Encouraging new data from the wider distribution of anti-parasite drugs in pregnant women and very young children demonstrates that medicines commonly used to treat parasitic infections have much wider benefits than was previously thought. The data was presented during a two-day meeting in
Anti-parasite drugs have long been used to treat school-age children in campaigns worldwide to improve health and educational outcomes. Intestinal worms can cause malnutrition, fatigue, organ damage, and in severe cases, cancer of the bladder. Anti-parasite drugs kill worms in the human body, as well as helping to prevent anemia, and to maximize cognitive and physical development.
Due to safety concerns, the drugs were not widely recommended for young children or for pregnant women until 2002, when a WHO expert committee recommended that pregnant women and children from 12 months to five years old be included in all worm control strategies.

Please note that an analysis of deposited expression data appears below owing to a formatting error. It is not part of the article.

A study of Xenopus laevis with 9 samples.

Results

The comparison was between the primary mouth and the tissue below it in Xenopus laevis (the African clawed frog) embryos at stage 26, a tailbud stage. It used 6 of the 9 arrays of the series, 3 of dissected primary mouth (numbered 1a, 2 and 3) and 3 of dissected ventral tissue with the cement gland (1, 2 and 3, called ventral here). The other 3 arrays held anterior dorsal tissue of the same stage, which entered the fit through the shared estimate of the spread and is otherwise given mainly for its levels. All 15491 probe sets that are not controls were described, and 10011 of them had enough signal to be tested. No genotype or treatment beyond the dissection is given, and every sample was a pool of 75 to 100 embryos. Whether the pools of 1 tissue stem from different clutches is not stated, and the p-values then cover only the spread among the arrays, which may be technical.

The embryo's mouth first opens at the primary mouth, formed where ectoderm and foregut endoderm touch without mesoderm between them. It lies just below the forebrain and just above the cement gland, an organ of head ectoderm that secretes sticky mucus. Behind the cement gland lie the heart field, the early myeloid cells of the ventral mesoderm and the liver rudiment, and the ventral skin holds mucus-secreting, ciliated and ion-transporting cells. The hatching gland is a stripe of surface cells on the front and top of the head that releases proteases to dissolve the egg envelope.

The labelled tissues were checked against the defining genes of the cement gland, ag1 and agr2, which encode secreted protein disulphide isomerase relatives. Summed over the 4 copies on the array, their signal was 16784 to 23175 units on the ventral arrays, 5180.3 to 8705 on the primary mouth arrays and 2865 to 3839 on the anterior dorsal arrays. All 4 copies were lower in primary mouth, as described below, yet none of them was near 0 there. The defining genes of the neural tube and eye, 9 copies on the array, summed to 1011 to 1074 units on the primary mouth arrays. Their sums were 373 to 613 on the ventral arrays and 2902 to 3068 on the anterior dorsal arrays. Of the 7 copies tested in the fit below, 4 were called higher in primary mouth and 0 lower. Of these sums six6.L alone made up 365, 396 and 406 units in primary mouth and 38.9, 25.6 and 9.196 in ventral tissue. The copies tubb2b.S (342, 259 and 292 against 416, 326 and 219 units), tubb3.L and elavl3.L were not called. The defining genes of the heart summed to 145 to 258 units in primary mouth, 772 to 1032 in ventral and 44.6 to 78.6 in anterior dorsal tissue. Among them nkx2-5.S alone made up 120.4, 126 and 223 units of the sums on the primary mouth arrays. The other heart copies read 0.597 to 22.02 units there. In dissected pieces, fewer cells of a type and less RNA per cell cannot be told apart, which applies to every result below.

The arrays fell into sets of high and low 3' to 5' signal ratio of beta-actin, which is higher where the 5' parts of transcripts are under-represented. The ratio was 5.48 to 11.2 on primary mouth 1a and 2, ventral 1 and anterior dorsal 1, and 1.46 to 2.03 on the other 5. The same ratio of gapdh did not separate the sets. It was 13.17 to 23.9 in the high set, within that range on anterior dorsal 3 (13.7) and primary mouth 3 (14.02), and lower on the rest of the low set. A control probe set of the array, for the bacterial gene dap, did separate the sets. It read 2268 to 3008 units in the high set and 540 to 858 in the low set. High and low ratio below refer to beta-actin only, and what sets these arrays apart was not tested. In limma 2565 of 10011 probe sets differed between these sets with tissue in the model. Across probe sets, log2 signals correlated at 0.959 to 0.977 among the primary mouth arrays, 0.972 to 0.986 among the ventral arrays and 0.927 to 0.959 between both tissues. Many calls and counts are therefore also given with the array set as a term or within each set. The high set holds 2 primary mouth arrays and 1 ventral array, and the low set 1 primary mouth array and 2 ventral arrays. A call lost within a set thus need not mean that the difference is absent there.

During the meeting,
In a study in
"We are overwhelmed by this evidence," says Dr. Lorenzo Savioli, coordinator of WHO's parasite control program. "We knew that there would be benefits from expanding deworming treatment, but we never imagined the impact would exceed even our most optimistic expectations."
With the new evidence illustrating that anti-parasite drugs have a range of positive impacts on young children and pregnant women, WHO recommends that treatment programs worldwide should reach the many people who need them. "This is an opportunity to improve public health on a global level that must not be missed," says Dr. Hiroyoshi Endo, director of control, prevention and eradication of communicable diseases.